EFIC1, a special purpose acquisition company (SPAC) led by Martin Blessing, former CEO of German bank Commerzbank, is seeking to raise €415 million ($473.2 million) in Amsterdam, per Bloomberg. SPACs are shell companies that go public and use the IPO funds to merge with private firms, making them public without having to go through the IPO process themselves. EFIC1 will target fintechs with a value of at least €1 billion ($1.14 billion) in Europe, the UK, and Israel. This follows other SPACs launching in recent months to target European fintechs: North Atlantic Acquisition and Lakestar SPAC I SE are worth $300 million and $332 million respectively.
Here’s why SPAC deals are set to accelerate in Europe:
- SPACs in the US compete with hundreds of peers for attractive acquisitions. SPAC activity across all sectors first accelerated in the US in 2020, during which they raised $78.2 billion across 244 IPOs, compared with $495 million for just three such listings in Europe. With so many SPACs armed with large war chests in the US, competition is rife for acquiring US fintech winners. Already, SPAC deals in Q1 have exceeded volumes for all of 2020. This is likely pushing some US-based SPACs to look for acquisition opportunities in other less crowded markets, starting with Europe.
- Privately held European fintechs are soaring in valuations. In 2020, consumer fintech adoption soared across the UK and Europe, in response to the pandemic’s physical restrictions. This growing consumer willingness to access financial services digitally is boosting local fintechs’ valuations, making them attractive acquisition targets for SPACs such as EFIC1 looking for unicorns. Swedish buy now, pay later startup Klarna, for example, hit a whopping $31 billion valuation, from $10 billion in September, while UK neobank Starling hit unicorn status last week at £1.37 billion ($1.89 billion).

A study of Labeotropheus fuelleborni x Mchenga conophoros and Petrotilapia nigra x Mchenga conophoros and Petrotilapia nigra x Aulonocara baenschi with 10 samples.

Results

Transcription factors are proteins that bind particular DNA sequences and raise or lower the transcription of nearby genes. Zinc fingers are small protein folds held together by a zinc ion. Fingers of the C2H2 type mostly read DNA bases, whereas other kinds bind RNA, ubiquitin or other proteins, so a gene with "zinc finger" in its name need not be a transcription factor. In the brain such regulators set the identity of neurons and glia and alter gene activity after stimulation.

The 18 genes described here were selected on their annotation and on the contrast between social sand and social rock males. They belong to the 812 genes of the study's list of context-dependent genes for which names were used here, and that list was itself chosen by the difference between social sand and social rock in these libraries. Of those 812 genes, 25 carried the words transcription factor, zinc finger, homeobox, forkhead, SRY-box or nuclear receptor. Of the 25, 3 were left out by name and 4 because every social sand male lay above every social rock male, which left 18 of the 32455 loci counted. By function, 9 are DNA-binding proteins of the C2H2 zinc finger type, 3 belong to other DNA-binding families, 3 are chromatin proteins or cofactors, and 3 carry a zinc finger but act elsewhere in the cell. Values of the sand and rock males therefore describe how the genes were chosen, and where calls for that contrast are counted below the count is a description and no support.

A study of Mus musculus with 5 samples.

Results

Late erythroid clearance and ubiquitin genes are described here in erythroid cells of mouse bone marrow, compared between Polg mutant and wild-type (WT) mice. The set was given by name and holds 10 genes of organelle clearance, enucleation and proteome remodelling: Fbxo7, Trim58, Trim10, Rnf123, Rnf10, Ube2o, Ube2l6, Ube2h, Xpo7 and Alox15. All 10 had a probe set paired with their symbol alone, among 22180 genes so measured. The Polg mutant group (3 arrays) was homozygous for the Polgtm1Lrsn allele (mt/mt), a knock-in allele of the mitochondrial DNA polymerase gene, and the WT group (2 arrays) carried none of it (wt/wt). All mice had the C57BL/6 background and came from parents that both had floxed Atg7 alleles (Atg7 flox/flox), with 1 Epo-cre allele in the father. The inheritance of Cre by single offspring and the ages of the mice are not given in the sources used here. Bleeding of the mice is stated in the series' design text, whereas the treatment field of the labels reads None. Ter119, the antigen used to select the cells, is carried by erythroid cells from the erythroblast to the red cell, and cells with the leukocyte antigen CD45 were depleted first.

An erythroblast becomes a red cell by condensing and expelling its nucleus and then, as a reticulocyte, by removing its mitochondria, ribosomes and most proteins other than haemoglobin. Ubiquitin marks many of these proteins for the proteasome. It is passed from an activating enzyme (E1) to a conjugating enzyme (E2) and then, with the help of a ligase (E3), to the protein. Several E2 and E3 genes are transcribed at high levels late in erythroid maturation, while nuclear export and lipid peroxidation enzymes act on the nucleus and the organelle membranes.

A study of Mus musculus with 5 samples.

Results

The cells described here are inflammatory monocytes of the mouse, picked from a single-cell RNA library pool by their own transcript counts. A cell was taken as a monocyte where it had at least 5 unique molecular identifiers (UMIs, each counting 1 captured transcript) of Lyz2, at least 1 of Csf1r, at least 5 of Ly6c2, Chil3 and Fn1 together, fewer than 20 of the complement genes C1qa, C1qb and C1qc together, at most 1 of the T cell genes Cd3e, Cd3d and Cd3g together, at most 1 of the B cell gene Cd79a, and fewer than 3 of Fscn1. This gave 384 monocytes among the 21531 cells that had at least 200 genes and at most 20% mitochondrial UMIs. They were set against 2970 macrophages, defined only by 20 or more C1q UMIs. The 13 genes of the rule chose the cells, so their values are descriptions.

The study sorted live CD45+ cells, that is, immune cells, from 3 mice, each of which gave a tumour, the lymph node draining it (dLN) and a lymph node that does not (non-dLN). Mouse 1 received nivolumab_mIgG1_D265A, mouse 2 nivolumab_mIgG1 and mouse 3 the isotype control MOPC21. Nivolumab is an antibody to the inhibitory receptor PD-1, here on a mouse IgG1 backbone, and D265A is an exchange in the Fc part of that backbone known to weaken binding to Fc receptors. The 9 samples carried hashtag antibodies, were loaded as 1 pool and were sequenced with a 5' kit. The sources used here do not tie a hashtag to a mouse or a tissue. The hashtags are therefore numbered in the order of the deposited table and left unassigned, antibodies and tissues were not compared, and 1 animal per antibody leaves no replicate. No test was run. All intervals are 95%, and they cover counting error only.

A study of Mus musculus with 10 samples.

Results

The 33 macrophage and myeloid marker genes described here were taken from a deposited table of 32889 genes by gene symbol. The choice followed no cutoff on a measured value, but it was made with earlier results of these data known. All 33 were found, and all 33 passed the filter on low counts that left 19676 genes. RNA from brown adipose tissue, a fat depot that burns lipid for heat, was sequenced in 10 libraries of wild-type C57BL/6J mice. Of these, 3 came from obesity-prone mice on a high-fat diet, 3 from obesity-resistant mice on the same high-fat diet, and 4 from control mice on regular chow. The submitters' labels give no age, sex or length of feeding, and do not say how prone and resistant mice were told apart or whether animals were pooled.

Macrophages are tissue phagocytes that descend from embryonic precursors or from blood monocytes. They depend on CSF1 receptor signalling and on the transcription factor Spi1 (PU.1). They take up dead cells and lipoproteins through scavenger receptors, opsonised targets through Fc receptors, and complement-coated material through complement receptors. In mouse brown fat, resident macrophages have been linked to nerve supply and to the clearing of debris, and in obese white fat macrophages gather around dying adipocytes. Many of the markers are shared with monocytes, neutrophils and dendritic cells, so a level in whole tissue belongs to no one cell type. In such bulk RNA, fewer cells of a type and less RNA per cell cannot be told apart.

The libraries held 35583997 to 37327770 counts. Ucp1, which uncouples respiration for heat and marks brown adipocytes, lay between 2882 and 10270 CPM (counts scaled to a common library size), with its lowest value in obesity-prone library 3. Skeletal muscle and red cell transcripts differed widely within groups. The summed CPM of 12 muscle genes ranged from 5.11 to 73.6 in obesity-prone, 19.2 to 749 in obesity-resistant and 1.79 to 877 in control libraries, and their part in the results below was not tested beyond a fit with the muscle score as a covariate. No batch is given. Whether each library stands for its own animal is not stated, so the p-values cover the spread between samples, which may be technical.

- European capital markets aim to attract SPACs. Amsterdam’s Euronext recently overtook London as Europe’s biggest trading venue and has stated that it welcomes the world’s SPACs, which likely encouraged EFIC1 to list there. The UK meanwhile, recently published a government-commissioned listings review to relax SPACs rules. Unlike in the US and Amsterdam, a London-listed SPAC has its trading suspended once it merges with a startup, meaning investors can’t easily get out once they’ve bought shares. This will create more Europe-born SPACs, widening the scope of available routes for European fintechs to go public and further accelerating SPAC activity this year.